A new survey has found that UK Smes are still hungry for international trade success in the face Brexit uncertainty.
The research, called the UK SME Confidence Survey, commissioned by OFX and conducted by OnePoll, quizzed 500 UK SMEs owners and senior managers with employee counts ranging from 10 to 249.
It found that 46% of those asked said Brexit had had no effect on their hunger for international trade.
Interestingly, there was a switch in primary market focus too. In 2017, the USA was cited as the most attractive market for exports at 62%, but this year’s confidence survey saw the USA stand at just 36%.
Europe, conversely, fell back into favour with 45% of those quizzed this year suggesting Western Europe was their favoured growth market, compared to just 20% last year.
The OFX report summarised that: ”Again, it seems that Brexit-related uncertainty is no longer holding small businesses back from their EU trade ambitions.
“Despite the uncertainty surrounding the terms of Brexit, small British businesses are increasingly optimistic about international trade.
“In fact, the majority expect to increase overseas sales in the next year. And it’s not all talk. Since 2017, 47% increased overseas sales, growing international revenues by an average of £50,000.
“It’s good to know that political uncertainty hasn’t dampened the spirits of UK businesses.”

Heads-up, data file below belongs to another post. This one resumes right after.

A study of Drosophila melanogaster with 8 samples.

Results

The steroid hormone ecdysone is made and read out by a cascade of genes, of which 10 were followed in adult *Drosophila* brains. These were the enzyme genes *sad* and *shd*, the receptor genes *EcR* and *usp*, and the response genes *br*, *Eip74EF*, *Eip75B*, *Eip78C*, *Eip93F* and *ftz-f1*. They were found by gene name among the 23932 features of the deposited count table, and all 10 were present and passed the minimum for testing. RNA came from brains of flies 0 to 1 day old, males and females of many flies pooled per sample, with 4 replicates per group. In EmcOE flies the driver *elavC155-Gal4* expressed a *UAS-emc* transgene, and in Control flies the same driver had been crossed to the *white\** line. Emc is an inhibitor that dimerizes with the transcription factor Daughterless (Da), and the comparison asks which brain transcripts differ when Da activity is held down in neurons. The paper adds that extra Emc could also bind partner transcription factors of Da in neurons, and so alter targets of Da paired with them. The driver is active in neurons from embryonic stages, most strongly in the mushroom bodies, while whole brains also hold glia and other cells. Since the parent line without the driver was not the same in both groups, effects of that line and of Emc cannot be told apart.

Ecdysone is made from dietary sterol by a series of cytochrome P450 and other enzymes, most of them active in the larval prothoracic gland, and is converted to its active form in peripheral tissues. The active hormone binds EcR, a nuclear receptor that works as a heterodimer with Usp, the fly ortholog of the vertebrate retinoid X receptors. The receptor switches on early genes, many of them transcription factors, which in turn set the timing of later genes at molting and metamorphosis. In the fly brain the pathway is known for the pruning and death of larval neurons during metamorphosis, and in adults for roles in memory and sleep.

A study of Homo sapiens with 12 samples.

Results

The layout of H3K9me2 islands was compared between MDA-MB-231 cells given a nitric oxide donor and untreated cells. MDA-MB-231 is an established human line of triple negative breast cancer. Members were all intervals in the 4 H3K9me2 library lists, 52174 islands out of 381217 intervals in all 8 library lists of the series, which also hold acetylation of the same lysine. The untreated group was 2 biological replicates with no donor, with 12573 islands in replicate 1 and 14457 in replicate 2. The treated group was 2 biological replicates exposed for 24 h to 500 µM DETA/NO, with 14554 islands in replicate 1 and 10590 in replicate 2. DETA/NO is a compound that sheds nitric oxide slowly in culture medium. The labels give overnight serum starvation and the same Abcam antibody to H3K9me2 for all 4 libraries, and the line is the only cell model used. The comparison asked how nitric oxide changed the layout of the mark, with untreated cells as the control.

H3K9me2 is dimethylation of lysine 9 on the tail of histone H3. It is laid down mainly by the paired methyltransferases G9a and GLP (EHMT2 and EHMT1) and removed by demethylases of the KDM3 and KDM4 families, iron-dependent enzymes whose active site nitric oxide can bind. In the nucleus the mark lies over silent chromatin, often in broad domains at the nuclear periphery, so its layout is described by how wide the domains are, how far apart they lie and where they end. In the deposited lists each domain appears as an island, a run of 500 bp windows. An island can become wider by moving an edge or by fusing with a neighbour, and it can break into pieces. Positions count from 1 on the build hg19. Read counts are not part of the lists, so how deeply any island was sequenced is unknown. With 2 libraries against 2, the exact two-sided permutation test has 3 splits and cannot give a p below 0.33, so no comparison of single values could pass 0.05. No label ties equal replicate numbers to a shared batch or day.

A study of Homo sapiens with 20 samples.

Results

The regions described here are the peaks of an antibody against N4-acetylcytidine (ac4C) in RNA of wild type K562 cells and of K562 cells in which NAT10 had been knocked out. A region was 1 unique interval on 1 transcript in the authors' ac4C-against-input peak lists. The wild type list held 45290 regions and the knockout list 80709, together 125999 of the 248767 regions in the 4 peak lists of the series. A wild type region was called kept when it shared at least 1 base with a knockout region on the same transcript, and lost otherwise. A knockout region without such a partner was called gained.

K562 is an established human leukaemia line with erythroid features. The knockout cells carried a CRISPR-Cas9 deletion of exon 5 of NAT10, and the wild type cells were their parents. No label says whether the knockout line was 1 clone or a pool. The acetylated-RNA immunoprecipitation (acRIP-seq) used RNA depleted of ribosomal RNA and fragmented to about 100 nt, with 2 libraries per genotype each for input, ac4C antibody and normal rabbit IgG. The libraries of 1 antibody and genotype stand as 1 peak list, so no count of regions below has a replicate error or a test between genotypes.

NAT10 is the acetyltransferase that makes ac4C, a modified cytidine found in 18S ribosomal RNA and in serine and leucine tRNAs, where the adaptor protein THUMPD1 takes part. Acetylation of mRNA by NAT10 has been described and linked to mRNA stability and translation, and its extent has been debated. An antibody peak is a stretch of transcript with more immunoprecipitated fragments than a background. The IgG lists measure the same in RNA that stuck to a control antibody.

Perhaps not surprisingly, business owners in regions favoured leaving the European Union during the referendum in 2016 were most confident and optimistic about international sales now. This manifested itself in the survey results where England-based responders, where the Leave vote was highest in the United Kingdom, were the most confident, with 72% saying they were optimistic about future international trade compared to just 40% of responders from Scotland-based firms, for where the referendum result was firmly in favour with Remain.
Read more: 10% of UK SMEs now exporting
Despite the divisions in future export and international trade confidence though, one thing that united all four nations’ small businesses was the confidence in the ‘made in Britain’ brand. Over half (53%) of those asked said that the ‘Britishness’ of their brand and products was an invaluable asset when selling services and goods internationally.